Avanti Quantum 2.0

3.8 from 4 reviews

Great bike. More than what I was after

I purchased my Avanti Quantum 2.0 bike in November 2015. Earlier in the year I had purchase a mountain bike (Avanti Montari 7.3), then I decided I needed something better so went to a flat bar road bike (Avanti Blade 2.0). That bike was good but I had the bug. I wanted a road bike that was better than entry level but didn't want to pay a heap of money either. This bike has been great. I have racked up about 2,500 km this past year riding on weekends and occasionally to work. The bike is nice and stiff and responsive, lightweight, brakes are great and good for sprinting (social riding groups). The cassette was a little tall for me, so I have dropped in one that is a little nicer for climbing. I have had no issues what so ever with the bike and can't recommend it highly enough. Great value for money. One of the best investments I have ever made.

Date PurchasedNov 2015

Good Reliable Race / Weekender bike

I have had a 2011 Quantum 2 (full ultegra CR3 carbon) since 2011 and put a bit more than 5000km on it typically in 20-50km bursts with the odd 100km or so. Its reasonably light, more than stiff enough to power on and chase break-aways (and I am talking weekend groups not races) and stiff and throw-around enough for hills. I have no trouble keeping up with sprinters (until my legs run out). Reliability wise has been perfect and 4 years and 5000km later with no servicing (other than washing / lubricating chain at home) it is now just starting to want to adjust the shifters. I know there are fancier, lighter and more aero bikes out there, but the main reason I am not as fast as the fast guys is more about the rider than the bike. Comfort wise my 40+ year old frame is fine for an hour or two, but gets a little weary after 3-5, but that may be more me than the bike.

On the downside, there are lighter bikes now and the handling is.... Technically the handling is fine and stable in corners, but realistically it is a little sharper than I would really like. I think it is likely ideal if you are a criterion racer where you need fast reactions, but on the road in real world I would be happy for a half peg down, but having test ridden the Cadent before buying this, don't want to go that far the other way so this is a compromise I was willing to accept. I.e. for fast downhills, it demands more attention than my previous bikes. The flip side of the handling is you feell alive on the bike and you have to "ride" it rather than being a peddling passenger and whilst I lament older bikes that were more stable in a descent, being "alive" on the flats makes it more of an experience to tempt me out of bed.

Brakes - absolutely fine - plenty of power and original (ultegra) pads still OK (just) after 5000km

If you are average or below fitness and have decent hills around then the 39/25 is a little tall and perhaps too tall for me as min climbing speed seated is circa 14km/h and ideally (with my fitness level) I would like to go slower and not burn out as quick. If I get new wheels I will get a larger tooth cluster as well. If buying one new, see if you can negotiate a taller rear cluster to help with the hills a litltle. (Note this problem is widespread amongst many bikes sold as "racers" but really aimed at us weekend warriers who can't sustain 10% gradients at these high speeds, which the pros can). Big chain ring minimum (happy cadence) speed is about 28km/h (on the 25 tooth cluster) which means big chain ring is mostly used for downhills and down winds, and little one for the everything else (maxing out in 10th in the mid 40's). God knows what max speed is on the big one and 10th gear...but faster than I can peddle. I.e. gearing is too tall for average riders.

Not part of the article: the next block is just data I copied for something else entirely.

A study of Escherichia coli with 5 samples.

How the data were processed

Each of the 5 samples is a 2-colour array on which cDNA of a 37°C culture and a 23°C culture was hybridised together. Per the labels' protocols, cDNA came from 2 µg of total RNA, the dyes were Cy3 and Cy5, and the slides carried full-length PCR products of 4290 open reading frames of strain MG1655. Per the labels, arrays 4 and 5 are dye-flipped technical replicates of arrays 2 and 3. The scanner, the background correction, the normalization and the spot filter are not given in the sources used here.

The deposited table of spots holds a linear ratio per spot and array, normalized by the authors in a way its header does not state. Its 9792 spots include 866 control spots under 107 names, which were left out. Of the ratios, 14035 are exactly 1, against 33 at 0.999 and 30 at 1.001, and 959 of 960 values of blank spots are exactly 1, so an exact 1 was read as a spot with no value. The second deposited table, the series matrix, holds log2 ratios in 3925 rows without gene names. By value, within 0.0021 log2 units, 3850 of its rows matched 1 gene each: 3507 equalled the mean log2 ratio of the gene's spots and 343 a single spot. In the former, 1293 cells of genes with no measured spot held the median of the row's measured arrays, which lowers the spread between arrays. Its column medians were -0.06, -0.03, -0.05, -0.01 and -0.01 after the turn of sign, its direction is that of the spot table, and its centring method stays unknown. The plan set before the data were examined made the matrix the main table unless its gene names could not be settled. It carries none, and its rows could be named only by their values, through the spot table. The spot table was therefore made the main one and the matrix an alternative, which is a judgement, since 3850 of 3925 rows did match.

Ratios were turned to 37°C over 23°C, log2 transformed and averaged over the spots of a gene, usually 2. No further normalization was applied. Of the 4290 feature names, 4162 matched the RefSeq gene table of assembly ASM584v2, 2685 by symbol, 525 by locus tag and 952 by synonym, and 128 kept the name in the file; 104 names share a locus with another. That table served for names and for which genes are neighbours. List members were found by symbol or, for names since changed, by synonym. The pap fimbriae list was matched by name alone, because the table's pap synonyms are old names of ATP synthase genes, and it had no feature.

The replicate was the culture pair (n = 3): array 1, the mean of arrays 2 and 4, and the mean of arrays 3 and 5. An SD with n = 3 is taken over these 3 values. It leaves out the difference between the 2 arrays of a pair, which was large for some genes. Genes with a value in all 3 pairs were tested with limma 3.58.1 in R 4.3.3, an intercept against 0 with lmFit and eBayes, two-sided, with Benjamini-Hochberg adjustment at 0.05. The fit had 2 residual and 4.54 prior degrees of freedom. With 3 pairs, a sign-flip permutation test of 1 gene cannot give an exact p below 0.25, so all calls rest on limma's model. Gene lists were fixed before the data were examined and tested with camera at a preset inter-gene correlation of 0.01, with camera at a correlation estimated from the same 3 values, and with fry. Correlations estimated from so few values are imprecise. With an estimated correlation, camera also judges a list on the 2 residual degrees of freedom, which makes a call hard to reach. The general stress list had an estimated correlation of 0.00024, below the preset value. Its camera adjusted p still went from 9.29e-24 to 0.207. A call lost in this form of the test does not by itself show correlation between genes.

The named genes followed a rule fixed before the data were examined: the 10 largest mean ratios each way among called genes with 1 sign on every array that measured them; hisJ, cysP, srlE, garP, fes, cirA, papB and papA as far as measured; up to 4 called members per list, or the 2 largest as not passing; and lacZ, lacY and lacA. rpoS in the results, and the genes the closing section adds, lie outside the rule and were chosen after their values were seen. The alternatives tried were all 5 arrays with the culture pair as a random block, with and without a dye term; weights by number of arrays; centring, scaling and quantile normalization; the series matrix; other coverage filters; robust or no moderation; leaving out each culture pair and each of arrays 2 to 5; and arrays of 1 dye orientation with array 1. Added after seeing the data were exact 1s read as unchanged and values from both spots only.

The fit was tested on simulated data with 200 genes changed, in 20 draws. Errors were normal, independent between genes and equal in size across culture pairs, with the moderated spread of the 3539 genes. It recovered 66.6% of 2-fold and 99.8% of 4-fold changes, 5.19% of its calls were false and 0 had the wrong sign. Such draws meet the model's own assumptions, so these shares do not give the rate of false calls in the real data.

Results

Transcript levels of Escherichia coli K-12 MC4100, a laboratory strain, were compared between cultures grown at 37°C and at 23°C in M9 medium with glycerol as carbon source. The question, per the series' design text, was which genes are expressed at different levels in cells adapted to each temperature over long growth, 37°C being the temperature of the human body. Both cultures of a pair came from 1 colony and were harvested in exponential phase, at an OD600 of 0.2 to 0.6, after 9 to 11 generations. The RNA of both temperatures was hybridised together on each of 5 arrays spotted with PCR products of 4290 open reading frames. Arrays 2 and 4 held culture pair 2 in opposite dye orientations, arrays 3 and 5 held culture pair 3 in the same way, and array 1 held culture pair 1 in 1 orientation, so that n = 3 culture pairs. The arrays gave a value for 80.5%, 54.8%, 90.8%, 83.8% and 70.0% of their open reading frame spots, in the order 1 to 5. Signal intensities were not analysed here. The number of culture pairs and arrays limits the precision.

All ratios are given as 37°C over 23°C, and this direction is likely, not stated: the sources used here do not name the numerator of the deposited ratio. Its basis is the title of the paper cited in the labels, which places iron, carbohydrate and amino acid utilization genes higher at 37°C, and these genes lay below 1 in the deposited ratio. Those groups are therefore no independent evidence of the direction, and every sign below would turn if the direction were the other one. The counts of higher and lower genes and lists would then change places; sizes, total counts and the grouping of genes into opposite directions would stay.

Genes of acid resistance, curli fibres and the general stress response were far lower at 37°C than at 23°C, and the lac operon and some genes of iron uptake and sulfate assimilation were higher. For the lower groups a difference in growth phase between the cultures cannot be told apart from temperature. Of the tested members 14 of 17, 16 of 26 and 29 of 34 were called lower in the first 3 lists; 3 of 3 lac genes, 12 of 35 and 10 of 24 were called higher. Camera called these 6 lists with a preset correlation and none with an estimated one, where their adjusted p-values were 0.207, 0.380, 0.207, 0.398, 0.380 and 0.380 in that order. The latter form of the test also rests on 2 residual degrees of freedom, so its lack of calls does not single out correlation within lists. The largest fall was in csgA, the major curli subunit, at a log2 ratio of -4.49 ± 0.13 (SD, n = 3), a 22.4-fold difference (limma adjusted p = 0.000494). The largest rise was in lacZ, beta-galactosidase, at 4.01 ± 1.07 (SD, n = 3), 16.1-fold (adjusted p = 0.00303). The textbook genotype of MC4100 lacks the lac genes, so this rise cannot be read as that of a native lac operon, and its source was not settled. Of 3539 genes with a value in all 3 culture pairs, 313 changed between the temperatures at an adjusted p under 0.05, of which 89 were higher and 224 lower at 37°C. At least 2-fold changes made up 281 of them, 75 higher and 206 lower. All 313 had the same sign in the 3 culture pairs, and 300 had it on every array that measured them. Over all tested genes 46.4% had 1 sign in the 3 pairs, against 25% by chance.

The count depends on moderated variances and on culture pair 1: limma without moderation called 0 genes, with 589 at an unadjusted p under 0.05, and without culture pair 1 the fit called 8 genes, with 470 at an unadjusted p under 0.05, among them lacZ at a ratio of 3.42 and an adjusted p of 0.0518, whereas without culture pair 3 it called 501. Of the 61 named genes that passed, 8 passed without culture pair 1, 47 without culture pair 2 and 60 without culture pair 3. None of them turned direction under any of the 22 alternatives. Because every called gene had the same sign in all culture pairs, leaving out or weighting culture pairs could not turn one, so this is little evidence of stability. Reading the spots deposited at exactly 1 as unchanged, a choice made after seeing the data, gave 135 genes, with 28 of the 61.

My previous bike had 105, which is fine, but Ultegra is better, smoother and quicker changes. Crank is lighter with less flex meaning more power in each stroke. Ultegra chain seems to still be OK, but front crank teeth wearing (as do many others). Rear cluster teeth still looking Ok.

Original Mavic's are good and fault free after 4 years, but not the lightest or best around, but have survived perfectly straight despite normal potholes and speedbumps. I am considering an upgrade rather than upgrading whole bike.

Race pedigree - I don't race and generally average about 30 solo on the flat, but a mate who had the "Team" with exactly the same aerodynamics, frame size and geometry could average 38km/h solo for 200km so there's nothing wrong with the bike and its abilities.

Overall - very good bang for your buck for weekend warrier. If you are a criterion race, buy the Team and be race with the best, if you are a budget concious weekend warrier - good, if you are a climber, get a 28 tooth cluster. Generally these are slightly cheaper than comparable Giant's, Trek's and the like with a little more involving handling.

Great Bike

I figured I'd write a review after seeing the bad review someone else gave this bike. I purchased this about 16 months ago and have put over 10 thousand kilometers on it already. It's been a great bike and a lot of fun to ride. It's light enough to perform well on hills and is stiff enough to be able to sprint. I didn't like the wheels that it came with but I found some inexpensive replacements that work well.

This is a horrible bike.

I have this bike and it is absolute rubbish. Do not buy this hunk of junk. Do yourself a favor and buy yourself a Koga Kimera. Now I know a silly daffier named [name removed]. He bought one of these stupid bikes when I had told him not to. AND HE REGRETS IT.
Its Carbon
EVERYTHING and low grade carbon.

1 comment
That's the worst review I've ever read. If you're going to slag off a bike, the least you can do is explain why, mate. Otherwise, it's a total waste of time.